Before Argo Tunnels I had the following setup for a particular service running on my local network:
- DNS entry added to point to my home IP address (
443opened in my router (limited to Cloudflare IPs) and point to a Traefik reverse proxy running locally (also on port
- Traefik configured with Let’s Encrypt for a valid
- Traefik is routing the
test.domain.xyzto a service running on
- Cloudflare SSL/TLS encryption mode is set to
- DNS override in my router (with
dnsmasq) to point
test.domain.xyzto the local network IP running the Traefik reverse proxy
test.domain.xyz inside my LAN:
Router DNS resolves
test.domain.xyz to the IP where Traefik is running, Traefik will redirect to the service running on
192.168.0.100:8080. It doesn’t go through Cloudflare at all, everything is working as expected with end-to-end TLS. Great!
test.domain.xyz outside my LAN:
Device DNS resolves
test.domain.xyz ( cloud) to my home IP, the router will forward requests to the Traefik if they come from Cloudflare (otherwise it will drop them), Traefik will redirect to the service running on
192.168.0.100:8080. This goes through Cloudflare network, everything is working as expected with end-ti-end TLS. Great!
But now I’m trying to replace this setup with Argo Tunnels, so I don’t have to deal with open ports on my router, albeit limited to Cloudflare IPs (this requires a script that runs periodically and updates firewall rules for Cloudflare IPs).
The only differences from the setup above to get Argo Tunnels running are:
- DNS entry which pointed to my home IP address was removed
443no longer opened (not even for Cloudflare IPs)
- Everything else stayed exactly the same
What’s the problem then?
Well, I’m trying to access this
test.domain.xyz service through a specific Android application, and when I do while outside my LAN, everything is working as expected (just like before). But when I’m inside my LAN and try to access the
test.domain.xyz service through the same Android application I get the following message saying the certificate of the origin is not trusted and/or is a self-signed certificate (and it doesn’t allow me to connect to the service). Neither is true, the origin certificate comes from Let’s Encrypt.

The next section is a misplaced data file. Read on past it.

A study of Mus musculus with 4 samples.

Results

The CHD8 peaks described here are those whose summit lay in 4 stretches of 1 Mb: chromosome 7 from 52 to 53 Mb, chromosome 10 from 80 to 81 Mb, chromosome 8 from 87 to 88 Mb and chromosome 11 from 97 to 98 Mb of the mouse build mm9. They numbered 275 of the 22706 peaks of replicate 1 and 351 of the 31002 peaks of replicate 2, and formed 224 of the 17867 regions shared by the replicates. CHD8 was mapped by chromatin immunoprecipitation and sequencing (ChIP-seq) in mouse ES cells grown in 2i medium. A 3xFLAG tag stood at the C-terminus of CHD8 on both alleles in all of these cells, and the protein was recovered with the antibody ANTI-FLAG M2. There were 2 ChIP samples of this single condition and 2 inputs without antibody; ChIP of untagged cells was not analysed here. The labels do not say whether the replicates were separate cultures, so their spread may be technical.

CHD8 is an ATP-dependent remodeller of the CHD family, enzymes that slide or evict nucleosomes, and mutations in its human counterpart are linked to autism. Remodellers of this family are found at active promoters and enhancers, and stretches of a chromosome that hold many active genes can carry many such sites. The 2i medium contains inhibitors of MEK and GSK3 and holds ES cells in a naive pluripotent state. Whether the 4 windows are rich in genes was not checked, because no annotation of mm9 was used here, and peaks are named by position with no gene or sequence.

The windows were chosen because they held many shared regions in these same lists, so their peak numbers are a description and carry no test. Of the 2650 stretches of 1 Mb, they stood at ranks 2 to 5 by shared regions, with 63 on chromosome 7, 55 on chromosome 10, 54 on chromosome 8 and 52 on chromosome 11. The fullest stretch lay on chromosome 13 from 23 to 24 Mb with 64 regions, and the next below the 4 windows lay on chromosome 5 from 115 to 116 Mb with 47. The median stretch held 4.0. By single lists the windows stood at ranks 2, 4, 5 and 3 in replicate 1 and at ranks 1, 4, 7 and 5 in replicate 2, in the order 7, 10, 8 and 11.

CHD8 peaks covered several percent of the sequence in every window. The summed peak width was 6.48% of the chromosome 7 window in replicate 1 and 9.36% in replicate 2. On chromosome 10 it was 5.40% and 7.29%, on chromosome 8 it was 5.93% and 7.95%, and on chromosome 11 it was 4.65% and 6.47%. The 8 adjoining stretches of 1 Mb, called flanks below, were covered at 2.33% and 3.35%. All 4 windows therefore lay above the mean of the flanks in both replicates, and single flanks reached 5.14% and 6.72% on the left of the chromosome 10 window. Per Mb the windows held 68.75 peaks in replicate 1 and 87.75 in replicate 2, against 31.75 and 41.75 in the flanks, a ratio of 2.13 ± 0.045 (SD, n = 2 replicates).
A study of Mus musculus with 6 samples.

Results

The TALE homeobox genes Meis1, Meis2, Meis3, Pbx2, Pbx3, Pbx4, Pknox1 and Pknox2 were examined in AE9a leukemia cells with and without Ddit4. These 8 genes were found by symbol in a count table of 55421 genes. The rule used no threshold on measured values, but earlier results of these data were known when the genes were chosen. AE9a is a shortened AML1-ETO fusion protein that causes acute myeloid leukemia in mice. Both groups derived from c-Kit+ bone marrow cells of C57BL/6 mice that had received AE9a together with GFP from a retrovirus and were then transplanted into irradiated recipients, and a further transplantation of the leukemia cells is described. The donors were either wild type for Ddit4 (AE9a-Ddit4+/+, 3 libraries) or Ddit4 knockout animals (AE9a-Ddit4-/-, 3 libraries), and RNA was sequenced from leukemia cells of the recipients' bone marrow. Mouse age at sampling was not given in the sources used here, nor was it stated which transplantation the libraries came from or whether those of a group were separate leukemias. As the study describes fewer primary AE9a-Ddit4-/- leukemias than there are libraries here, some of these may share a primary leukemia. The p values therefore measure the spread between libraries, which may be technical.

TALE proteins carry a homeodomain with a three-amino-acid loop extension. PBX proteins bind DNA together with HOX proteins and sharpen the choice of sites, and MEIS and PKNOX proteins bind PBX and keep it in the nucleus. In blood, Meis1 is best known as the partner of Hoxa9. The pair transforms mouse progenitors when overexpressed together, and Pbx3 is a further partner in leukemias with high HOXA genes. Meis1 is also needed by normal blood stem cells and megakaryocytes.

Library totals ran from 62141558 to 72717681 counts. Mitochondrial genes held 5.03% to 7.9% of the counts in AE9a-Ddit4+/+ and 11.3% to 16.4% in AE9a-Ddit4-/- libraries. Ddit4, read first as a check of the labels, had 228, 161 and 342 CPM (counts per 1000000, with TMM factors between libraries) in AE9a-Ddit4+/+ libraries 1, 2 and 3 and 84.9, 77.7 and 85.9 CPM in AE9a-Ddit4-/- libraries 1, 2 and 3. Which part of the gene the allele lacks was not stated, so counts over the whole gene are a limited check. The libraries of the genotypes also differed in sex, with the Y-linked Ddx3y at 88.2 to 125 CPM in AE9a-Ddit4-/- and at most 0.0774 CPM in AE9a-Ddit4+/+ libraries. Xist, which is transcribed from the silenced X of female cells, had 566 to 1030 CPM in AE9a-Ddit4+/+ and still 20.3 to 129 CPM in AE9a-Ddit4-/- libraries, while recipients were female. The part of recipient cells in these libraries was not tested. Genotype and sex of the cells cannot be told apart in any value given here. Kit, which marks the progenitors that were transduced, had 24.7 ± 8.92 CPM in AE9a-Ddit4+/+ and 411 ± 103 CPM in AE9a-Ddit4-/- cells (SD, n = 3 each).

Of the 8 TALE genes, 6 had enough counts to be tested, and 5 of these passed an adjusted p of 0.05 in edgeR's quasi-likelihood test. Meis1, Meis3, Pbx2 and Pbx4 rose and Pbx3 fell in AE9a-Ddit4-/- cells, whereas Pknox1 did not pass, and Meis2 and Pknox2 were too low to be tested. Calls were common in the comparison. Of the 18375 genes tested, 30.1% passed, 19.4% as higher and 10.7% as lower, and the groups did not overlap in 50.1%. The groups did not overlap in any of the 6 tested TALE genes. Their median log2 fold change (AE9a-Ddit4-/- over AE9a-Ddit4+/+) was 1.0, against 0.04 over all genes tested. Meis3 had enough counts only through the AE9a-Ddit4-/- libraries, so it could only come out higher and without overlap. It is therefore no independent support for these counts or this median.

What’s interesting about this is that if I clear all data and cache from the Android application, configure the app to connect to
test.domain.xyz for the first time while inside my LAN, everything works as expected, I don’t get the message saying the origin certificate is not trusted. But as soon as I connect at least one time outside my LAN and then again inside my LAN, I get the message again and I can’t connect. It feels like the previous connection certificated persisted between connections and there’s a conflict there.
How have I been testing this inside/outside LAN thing?
As I said, this is an Android application and I’ve been switching between Wi-Fi (inside my LAN) and mobile data (outside my LAN). I’ve also been force closing the app between each connection, to be sure that when I switch from/to Wi-Fi/mobile data, the app is starting without a dangling connection on the background or something.
Is this an isolated case? Does it happen with other services/apps?
I have a couple of tunnels, for different services, which can be accessed by different Android applications, and I’ve tested all of them inside and outside my LAN. One app (the one I’ve been talking about so far) completely blocks access saying the origin certificate is invalid. Another app shows a similar message with additional information about the origin certificate (and it’s telling me the Let’s Encrypt certificate is invalid/self-signed), however, it allows me to bypass and connect anyway (the first app doesn’t). A third app, for a third service/tunnel, doesn’t care, doesn’t give me a message, doesn’t block access, it just works.
Conclusion, what now?
The obvious solution is to remove
test.domain.xyz from my local DNS resolver, forcing the upstream DNS servers (Cloudflare’s in my case, of course) to resolve that for me. In other words, access these services always (inside and outside my LAN) through Cloudflare. I whish I didn’t have to though… If I’m on my local LAN, I think it makes much more sense to access the services directly. But right now that’s not possible, for one service/application in particular.
It also feels like this is an issue with the specific Android applications and there’s nothing that I can do on the Argo Tunnel configuration or reverse proxy configuration to mitigate the problem. Is there? I couldn’t find anything in the
cloudflared options that could help me. In fact, while running the tunnel in debug mode, and when I tried to connect to the tunnel inside my LAN and got the message saying the certificate is not trusted, the
cloudflared logs didn’t register a connection at all. In other words, it’s failing before reaching the Argo Tunnel, the error message comes from a validation on the app itself and has nothing to do with the Cloudflare. Right?
Still, I have to ask, does anybody can think of a possible workaround for this?